Troubleshooting Your Vacuum

20 March 2015
 Categories: Home & Garden, Blog

If you have a vacuum cleaner, then you know that a vacuum that doesn't work properly can be very irritating. Such a situation can leave your house dirty and even pose a health hazard. Therefore, it is in your best interest to have a strong grasp of how to troubleshoot a vacuum cleaner. Here is a rough overview of the most common problems and exactly how you can fix them:

My vacuum has suction, but nothing is getting picked up

If you place your hand over the airway opening and can definitely feel suction, yet nothing is being picked up off the floor, you likely have either a blockage or an issue with the height setting. A blockage can result in material getting stuck in the hose, while the wrong height setting will prevent your vacuum from reaching low enough to pick up dirt and debris. Trying using lower height settings for tile and higher settings for thick carpet.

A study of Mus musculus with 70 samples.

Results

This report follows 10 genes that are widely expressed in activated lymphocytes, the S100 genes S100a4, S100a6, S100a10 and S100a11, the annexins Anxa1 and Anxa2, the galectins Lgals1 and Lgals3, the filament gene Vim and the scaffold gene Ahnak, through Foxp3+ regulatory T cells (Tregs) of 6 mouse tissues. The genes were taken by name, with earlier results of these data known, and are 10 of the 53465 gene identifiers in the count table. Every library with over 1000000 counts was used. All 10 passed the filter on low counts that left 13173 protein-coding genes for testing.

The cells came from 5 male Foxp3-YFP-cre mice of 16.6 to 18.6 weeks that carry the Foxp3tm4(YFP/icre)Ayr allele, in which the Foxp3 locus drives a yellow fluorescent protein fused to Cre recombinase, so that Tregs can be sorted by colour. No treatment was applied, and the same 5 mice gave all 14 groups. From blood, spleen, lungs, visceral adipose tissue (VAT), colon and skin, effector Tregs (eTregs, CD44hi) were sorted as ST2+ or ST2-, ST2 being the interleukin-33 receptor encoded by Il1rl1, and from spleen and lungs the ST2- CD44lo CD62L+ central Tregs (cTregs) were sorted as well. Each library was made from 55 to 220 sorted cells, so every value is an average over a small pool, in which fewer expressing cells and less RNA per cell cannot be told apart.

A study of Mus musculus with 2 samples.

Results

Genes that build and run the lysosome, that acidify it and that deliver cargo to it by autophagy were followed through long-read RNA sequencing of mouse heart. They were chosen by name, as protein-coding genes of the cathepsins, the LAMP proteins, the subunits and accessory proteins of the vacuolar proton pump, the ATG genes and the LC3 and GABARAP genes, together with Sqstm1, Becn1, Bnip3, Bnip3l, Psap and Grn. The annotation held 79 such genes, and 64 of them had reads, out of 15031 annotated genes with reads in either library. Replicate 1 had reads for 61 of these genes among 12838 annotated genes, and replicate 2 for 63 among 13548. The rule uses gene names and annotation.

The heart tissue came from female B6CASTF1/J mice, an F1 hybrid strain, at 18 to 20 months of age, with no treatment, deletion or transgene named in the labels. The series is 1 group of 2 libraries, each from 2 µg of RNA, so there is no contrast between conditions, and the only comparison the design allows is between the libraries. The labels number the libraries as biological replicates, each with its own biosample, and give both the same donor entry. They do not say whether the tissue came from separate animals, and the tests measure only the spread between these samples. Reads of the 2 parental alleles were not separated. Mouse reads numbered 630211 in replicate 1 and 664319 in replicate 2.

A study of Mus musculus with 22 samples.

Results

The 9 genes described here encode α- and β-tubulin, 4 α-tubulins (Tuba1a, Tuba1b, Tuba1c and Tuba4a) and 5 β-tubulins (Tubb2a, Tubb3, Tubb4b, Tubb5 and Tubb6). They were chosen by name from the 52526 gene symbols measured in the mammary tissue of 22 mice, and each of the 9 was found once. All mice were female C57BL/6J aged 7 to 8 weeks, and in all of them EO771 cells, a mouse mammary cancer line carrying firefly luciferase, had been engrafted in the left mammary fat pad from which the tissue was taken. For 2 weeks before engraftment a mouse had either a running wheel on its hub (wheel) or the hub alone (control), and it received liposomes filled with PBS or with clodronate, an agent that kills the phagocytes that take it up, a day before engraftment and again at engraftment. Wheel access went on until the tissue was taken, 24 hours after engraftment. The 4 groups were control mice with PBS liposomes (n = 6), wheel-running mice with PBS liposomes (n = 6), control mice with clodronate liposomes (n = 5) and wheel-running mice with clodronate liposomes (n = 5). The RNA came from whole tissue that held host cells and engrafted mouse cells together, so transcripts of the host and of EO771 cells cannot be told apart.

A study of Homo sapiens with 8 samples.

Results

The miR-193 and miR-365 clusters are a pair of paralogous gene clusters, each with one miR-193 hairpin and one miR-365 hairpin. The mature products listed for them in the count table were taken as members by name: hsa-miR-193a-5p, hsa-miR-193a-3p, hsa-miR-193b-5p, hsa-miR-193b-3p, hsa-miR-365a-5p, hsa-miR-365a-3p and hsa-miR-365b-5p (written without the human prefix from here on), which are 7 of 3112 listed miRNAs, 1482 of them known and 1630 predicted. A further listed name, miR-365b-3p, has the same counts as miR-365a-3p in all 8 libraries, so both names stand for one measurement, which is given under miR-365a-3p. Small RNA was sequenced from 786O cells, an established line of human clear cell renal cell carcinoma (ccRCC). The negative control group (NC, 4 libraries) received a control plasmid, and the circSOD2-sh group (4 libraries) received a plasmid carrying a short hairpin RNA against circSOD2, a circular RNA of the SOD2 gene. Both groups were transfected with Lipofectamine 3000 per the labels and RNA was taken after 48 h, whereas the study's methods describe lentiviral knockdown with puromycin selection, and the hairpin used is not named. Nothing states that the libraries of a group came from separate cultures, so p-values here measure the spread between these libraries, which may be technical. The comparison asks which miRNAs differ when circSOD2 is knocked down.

My vacuum has no suction

This is commonly caused by a full storage unit. If a vacuum has an entirely full container, then it will usually refuse to pick up any more debris. This is caused by the pressure differential between the inside of the unit and the outside. Basically, when there is available space inside the container, the vacuum will create negative pressure in that space in order to move waste through the tube and to the container. However, when the container is full, the vacuum is unable to create that negative pressure environment, and thus nothing will get sucked up.

My vacuum has weak suction and leaves debris on the ground

Alternatively, if you smell any sort of burning smell or if there is excessive dust in the air after vacuuming, you should thoroughly check the bag and filters. If these elements are worn and full of dust, they can greatly reduce the effectiveness of the vacuum and create an unpleasant odor.

Other common problems

In addition to the above solutions, your vacuum might have broken or worn belts. These are extremely simple to fix and diagnose, however you will be required to remove the faceplate of your vacuum in order to reach the necessary components. Once you can see the inner working of the vacuum, examine the belts that are used to turn the brush. If they show any signs of wear, then you could benefit greatly from replacing them. Talk to a Hoover, Dyson, Kirby, or Dirt Devil vacuum repair service to help sort out your vacuum woes.